SHERMAN, Texas (CN) – Chinese smartphone giant Huawei sued the United States on Wednesday night in the latest salvo in the countries’ trade dispute, claiming a government ban on its equipment is unconstitutional and there is no reason for security and spying fears.
The Shenzhen-based telecommunications manufacturer sued in Sherman, Texas, federal court, an hour north of Dallas. Its U.S. headquarters is in nearby Plano. Huawei is seeking a declaratory judgment that the restrictions of the 2019 National Defense Authorization Act are illegal, and an injunction against it.
Backed by President Donald Trump, the law bans all federal agencies from using Huawei products and bars them from awarding contracts or grants to contractors who use Huawei products.
Controlling 40 percent of the global market for network equipment, Huawei’s U.S. sales cratered after a congressional panel accused it and Chinese competitor ZTE Corp. of being security risks. The United States accounts for up to 25 percent of the global market for computer and telecommunications technology.
The law was passed in spite of Huawei’s insistence that is has never allowed the Chinese government to spy on data passing on its equipment and networks
Guo Ping, Huawei’s rotating chairman, said Congress had “repeatedly failed” to show any proof to support the ban. He accused Washington of “sparing no expense to smear” the company.
“We are compelled to take this legal action as a proper and last resort,” he said at a press conference announcing the lawsuit. “This ban is not only unlawful, but also restricts Huawei from engaging in fair competition, ultimately harming U.S. consumers. We look forwards to the court’s verdict, and trust that it will benefit both Huawei and the American people.”
Song Liuping, Huawei’s chief legal officer, told reporters the law is based on “numerous false, unproven and untested propositions” with no evidence of wrongdoing being shown.
“Contrary to the statute’s premise, Huawei is not owned, controlled or influenced by the Chinese government,” Luiping said. “Moreover, Huawei has an excellent security record and program.”
Huawei claims its presence in the American market would reduce wireless infrastructure costs by between 15 to 40 percent, saving North American over $20 billion in the next four years.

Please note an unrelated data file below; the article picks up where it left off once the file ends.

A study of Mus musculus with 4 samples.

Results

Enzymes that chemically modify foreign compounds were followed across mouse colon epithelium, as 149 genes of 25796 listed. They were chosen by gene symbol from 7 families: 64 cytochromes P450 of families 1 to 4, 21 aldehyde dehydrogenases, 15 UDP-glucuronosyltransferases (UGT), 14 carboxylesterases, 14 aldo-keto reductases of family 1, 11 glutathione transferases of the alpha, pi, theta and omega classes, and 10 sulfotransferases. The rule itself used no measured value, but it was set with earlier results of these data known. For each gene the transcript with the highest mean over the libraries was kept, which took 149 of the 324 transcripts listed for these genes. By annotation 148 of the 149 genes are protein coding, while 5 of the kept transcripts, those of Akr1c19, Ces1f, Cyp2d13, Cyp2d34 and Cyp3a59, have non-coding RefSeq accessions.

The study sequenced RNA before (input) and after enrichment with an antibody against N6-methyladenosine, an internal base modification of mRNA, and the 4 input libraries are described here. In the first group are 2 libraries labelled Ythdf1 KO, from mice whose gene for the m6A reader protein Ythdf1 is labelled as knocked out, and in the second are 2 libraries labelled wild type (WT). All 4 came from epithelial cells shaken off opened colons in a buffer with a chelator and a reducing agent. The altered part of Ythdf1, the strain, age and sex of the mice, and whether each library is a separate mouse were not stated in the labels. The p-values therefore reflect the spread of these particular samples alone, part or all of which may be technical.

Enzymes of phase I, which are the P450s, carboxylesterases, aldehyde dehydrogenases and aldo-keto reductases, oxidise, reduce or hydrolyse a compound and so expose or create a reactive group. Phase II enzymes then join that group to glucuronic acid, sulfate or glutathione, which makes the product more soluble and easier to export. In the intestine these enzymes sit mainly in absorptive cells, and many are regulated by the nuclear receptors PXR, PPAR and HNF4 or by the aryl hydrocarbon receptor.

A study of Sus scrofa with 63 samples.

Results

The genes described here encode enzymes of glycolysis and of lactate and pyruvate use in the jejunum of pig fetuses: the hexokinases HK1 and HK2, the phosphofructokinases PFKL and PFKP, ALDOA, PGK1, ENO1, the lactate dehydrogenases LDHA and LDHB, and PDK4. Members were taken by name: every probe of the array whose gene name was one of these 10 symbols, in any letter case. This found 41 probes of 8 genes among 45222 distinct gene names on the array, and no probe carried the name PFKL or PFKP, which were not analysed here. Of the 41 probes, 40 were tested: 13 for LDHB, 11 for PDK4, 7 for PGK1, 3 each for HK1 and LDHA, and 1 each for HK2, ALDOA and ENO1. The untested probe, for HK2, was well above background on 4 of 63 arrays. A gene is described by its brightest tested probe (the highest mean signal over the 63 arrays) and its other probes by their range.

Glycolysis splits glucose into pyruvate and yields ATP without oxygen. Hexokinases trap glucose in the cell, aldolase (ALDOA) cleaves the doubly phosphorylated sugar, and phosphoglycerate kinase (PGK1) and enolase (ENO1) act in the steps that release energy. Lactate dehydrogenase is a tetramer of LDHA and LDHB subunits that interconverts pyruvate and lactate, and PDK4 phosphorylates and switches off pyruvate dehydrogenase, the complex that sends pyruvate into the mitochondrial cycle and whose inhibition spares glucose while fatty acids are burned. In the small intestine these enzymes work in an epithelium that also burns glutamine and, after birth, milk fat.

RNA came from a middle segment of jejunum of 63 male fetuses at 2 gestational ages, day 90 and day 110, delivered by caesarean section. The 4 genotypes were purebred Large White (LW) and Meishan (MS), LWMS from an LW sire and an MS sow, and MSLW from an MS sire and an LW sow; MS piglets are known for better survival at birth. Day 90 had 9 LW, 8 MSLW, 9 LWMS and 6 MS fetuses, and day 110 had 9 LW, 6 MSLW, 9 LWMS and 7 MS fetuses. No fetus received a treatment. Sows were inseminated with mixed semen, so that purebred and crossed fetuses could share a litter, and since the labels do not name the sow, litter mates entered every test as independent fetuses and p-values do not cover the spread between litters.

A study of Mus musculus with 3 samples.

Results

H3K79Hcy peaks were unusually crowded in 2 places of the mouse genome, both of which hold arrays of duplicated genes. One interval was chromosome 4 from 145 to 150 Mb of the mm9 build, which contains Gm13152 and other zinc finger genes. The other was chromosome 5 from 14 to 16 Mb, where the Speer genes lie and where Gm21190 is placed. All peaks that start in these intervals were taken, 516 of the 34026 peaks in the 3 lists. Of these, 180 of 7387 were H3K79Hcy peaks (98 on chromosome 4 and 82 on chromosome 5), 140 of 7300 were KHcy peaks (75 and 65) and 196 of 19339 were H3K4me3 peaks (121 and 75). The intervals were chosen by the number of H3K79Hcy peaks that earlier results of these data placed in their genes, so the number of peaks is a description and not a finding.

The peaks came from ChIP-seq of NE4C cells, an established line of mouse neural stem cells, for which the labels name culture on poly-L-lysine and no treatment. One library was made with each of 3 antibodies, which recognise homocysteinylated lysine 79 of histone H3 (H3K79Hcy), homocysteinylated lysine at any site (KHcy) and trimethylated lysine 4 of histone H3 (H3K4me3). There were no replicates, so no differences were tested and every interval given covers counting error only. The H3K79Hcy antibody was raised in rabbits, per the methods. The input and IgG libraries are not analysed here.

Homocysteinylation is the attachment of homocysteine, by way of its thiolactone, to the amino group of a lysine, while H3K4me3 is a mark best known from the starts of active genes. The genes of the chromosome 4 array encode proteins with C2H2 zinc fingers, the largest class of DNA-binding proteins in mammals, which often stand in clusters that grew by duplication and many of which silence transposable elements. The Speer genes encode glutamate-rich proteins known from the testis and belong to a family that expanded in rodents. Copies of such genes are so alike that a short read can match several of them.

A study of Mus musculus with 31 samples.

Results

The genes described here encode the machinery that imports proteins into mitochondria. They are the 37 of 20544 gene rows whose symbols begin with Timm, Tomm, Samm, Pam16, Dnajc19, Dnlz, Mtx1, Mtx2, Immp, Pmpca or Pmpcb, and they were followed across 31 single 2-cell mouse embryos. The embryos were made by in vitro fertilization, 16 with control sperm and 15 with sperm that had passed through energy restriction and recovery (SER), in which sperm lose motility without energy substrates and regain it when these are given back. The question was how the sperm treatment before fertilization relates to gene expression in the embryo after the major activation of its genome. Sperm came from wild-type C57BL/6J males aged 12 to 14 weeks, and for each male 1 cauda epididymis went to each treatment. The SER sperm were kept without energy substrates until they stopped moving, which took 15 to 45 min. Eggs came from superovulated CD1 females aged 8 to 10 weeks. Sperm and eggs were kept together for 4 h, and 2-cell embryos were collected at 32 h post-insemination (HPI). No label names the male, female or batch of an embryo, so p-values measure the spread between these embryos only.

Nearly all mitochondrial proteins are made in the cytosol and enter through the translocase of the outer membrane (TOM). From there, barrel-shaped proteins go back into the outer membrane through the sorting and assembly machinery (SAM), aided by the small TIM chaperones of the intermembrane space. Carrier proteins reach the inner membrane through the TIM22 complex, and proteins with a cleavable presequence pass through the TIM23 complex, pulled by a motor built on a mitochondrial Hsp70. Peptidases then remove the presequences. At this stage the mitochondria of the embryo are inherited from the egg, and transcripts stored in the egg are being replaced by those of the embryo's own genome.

Huawei’s U.S. attorney, Glen Nager with Jones Day, explained the law violates the Constitution’s Bill of Attainder Clause, which prohibits laws that are both selective and imposes punishment.
“The complaint argues that Section 889 violates this constitutional proscription, because among other things, it selectively bars only Huawei (and one other entity) from providing certain products to the federal government, its contractors and federal loan and grant recipients,” he said in a statement. (Parentheses in original.)
The 54-page complaint claims the company’s due process rights are also being violated due to its liberty being “selectively” deprived.
“Section 889 violates the Vesting Clauses and the resulting separation of powers by legislatively adjudicating Huawei to be ‘guilty’ of an alleged connection to the Chinese government, and by implication a threat to U.S. security, rather than leaving it to the executive and the courts to make and adjudicate any such charges,” the complaint states.
The lawsuit comes two days after Huawei CFO Meng Wanzhou sued the Canadian government in British Columbia Supreme Court in Vancouver.
She claims her December arrest and interrogation at Vancouver International Airport was unconstitutional. She faces extradition to the United States for allegedly participating in a scheme to get around U.S. trade sanctions against Iran.
Critics claim her case is politically motivated as Trump administration officials seek to reach a new trade agreement with China. Trump said in December he would be willing to intervene in Wanzhou’s case if it can help the negotiations.